A few weeks ago I was interviewed about keshiki bonsai for a short piece in NZ House and Garden. Thanks to the very nice folks there.


Here I thought I would expand a little on what I said, and include some of what did not appear in the piece, having to do with what I specifically like about ‘the potted plant.’

The potting of plants came about, no doubt, because of a desire to have plants somewhere where there is no earth to put them in. Indoors, for example, or on a deck or patio. For the same reason, it’s not a great look to have potted plants sitting on grass or other surfaces that look perfectly suitable for planting. It makes the pot look superfluous.

At the same time, there is an aesthetic to the potted plant that goes beyond this ‘out-of-the-ground’ functionality. I like pots because they frame a plant, whereas when in the ground, a plant loses some of its individuality – as it becomes part of the larger landscape.

Pots can be beautiful in their own right, but that is not the point here. Consider the example of bonsai. Here the emphasis is on trees (versus other plant types), usually placed in relatively small and shallow pots. The particulars of bonsai can overshadow a more general desire, which is to remove the plant from the wild or natural setting and place it in a controlled setting – again, to frame it  up.

When applied to the potting of plants generally, bonsai and related disciplines (like the Chinese penjing) remind us that we can made a composition out of ‘plant’ and ‘pot’, regardless of whether or not we prune the plant in some kind of ‘bonsai style.’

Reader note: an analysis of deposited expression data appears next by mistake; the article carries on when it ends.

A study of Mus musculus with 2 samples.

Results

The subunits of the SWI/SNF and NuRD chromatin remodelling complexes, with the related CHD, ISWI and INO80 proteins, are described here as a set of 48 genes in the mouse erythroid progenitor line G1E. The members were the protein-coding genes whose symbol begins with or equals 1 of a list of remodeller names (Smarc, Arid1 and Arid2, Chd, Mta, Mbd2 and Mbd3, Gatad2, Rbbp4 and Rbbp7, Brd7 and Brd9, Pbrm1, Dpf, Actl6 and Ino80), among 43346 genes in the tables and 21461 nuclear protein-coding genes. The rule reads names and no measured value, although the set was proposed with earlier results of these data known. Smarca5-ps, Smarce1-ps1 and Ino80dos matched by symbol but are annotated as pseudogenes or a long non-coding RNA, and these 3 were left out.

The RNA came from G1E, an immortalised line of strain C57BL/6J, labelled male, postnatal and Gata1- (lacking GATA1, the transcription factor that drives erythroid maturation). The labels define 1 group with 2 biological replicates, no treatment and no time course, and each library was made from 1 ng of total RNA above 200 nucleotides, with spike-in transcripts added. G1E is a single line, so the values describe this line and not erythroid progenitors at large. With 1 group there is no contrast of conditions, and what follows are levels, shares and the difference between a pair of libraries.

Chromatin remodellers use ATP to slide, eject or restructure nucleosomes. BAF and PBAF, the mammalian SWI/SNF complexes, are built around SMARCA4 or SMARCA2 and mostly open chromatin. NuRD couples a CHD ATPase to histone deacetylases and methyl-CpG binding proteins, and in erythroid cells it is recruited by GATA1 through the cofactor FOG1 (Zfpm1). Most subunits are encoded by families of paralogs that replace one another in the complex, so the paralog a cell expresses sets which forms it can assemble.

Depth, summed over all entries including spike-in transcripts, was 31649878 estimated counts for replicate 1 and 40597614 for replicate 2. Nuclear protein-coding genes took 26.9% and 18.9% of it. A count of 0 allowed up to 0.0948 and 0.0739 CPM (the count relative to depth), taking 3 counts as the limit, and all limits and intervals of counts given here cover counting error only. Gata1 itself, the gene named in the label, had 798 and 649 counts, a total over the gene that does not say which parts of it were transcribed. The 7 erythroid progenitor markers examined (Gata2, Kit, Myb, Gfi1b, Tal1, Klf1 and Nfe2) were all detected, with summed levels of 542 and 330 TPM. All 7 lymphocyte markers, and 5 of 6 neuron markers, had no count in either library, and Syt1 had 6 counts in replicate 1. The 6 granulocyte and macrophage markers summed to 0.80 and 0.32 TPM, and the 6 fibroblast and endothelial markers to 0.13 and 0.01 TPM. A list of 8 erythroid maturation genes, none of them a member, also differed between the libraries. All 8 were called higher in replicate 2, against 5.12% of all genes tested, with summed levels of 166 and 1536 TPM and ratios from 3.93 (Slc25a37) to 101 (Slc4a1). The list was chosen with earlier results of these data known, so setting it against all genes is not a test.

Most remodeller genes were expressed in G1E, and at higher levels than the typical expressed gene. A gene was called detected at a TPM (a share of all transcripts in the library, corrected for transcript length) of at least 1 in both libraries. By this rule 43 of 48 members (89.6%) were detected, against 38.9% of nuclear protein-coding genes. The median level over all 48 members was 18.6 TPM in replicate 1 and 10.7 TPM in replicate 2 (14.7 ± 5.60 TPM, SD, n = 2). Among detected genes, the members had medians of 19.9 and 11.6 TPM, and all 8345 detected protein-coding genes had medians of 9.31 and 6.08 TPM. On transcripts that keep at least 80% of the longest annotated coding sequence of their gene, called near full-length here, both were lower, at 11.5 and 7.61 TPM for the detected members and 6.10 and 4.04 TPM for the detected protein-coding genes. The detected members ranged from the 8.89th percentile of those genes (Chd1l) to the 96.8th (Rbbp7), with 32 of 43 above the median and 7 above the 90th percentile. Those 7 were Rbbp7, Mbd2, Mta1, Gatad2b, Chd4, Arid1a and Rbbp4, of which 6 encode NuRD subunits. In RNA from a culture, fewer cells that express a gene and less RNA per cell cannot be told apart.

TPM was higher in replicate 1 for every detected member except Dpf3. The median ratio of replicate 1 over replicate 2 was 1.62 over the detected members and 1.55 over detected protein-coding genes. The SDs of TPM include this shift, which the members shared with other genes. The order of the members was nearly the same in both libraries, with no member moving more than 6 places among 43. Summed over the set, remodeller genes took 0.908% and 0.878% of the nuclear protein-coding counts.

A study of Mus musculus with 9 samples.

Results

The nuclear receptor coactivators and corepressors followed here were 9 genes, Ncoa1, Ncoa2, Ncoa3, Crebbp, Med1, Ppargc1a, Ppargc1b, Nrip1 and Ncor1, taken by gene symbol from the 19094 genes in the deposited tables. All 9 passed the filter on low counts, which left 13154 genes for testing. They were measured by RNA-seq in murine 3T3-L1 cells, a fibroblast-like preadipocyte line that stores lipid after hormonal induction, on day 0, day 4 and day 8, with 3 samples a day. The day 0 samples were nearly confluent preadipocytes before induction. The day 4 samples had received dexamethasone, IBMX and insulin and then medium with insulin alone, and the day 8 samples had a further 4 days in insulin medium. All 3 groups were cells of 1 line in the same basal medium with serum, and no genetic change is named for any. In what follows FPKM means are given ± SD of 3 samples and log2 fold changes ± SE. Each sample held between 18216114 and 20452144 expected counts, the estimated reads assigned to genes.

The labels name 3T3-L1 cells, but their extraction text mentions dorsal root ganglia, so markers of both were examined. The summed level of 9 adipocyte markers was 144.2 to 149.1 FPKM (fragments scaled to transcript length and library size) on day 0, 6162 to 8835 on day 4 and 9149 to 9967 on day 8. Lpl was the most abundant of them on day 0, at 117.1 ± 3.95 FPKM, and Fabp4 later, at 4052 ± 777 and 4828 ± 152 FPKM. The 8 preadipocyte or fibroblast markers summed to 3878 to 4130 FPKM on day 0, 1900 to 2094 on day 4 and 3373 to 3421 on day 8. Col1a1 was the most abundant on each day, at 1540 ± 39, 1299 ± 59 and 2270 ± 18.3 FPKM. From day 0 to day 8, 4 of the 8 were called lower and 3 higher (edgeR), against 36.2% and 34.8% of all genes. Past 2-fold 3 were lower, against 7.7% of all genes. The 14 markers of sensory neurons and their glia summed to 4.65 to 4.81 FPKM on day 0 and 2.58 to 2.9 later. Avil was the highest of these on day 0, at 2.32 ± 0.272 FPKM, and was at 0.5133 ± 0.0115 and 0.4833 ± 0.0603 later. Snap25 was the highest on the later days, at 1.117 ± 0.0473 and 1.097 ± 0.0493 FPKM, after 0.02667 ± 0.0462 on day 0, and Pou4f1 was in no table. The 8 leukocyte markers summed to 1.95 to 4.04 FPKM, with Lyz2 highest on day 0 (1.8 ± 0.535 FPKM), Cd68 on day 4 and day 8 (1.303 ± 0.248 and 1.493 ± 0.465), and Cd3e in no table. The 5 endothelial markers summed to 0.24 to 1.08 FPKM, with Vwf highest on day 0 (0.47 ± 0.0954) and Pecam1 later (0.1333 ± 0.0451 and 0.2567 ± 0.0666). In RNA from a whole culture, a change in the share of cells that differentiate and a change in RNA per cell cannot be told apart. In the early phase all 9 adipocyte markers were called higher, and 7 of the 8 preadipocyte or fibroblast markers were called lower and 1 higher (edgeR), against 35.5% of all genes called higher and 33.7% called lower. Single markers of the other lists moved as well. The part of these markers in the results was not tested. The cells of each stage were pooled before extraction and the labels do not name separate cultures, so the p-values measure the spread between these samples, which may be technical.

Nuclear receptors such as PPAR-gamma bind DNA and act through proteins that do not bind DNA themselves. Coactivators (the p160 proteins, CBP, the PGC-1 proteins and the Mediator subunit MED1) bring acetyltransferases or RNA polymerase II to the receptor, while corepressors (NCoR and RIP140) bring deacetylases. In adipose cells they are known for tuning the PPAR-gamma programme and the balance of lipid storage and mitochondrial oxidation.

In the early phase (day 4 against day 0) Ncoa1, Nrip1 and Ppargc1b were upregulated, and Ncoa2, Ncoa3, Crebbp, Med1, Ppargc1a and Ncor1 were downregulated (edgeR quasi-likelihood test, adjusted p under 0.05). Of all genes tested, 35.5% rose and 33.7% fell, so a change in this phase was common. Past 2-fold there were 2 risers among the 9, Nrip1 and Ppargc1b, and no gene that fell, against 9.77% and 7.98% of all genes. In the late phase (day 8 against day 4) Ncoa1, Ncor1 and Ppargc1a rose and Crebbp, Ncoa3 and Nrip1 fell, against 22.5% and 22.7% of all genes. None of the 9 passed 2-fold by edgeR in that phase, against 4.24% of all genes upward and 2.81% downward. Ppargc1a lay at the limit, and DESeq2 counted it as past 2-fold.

In this sense, bonsais are not a closed off area of plant enthusiasm, and there is much to learn about styling our composition from the school of bonsai even if we don’t do ‘bonsai’ (more on this in a later post).

Of course there’s also more to plant life than trees. My interest is in potted plants of all sizes, and not just bonsais. I do lots with grasses (including bamboo), succulents, cacti, et cetera, with an emphasis on individual examples that have a unique appearance.

Often people who do ‘bonsai’ have little interest in plants otherwise, and vice-versa. This seems quite artificial to me. Bonsai are just a type of potted plant and we should not think of it as so specialised (and equally demanding). I don’t care too too much about the ‘rules’ of bonsai in part because I do plants for myself, but also because I want my plants to be enjoyed by people generally. Wouldn’t it be odd if a painter only exhibited his or her art to painters, yet that’s what bonsai enthusiasts typically do, especially in the west.

I particularly like the small ‘keshiki’ bonsai because they create a little landscape or scene all on their own. They can be a real eye-full for something so small. They require a bit of attention, but as they mature they change, and the experience of witnessing this is rewarding, even from week to week.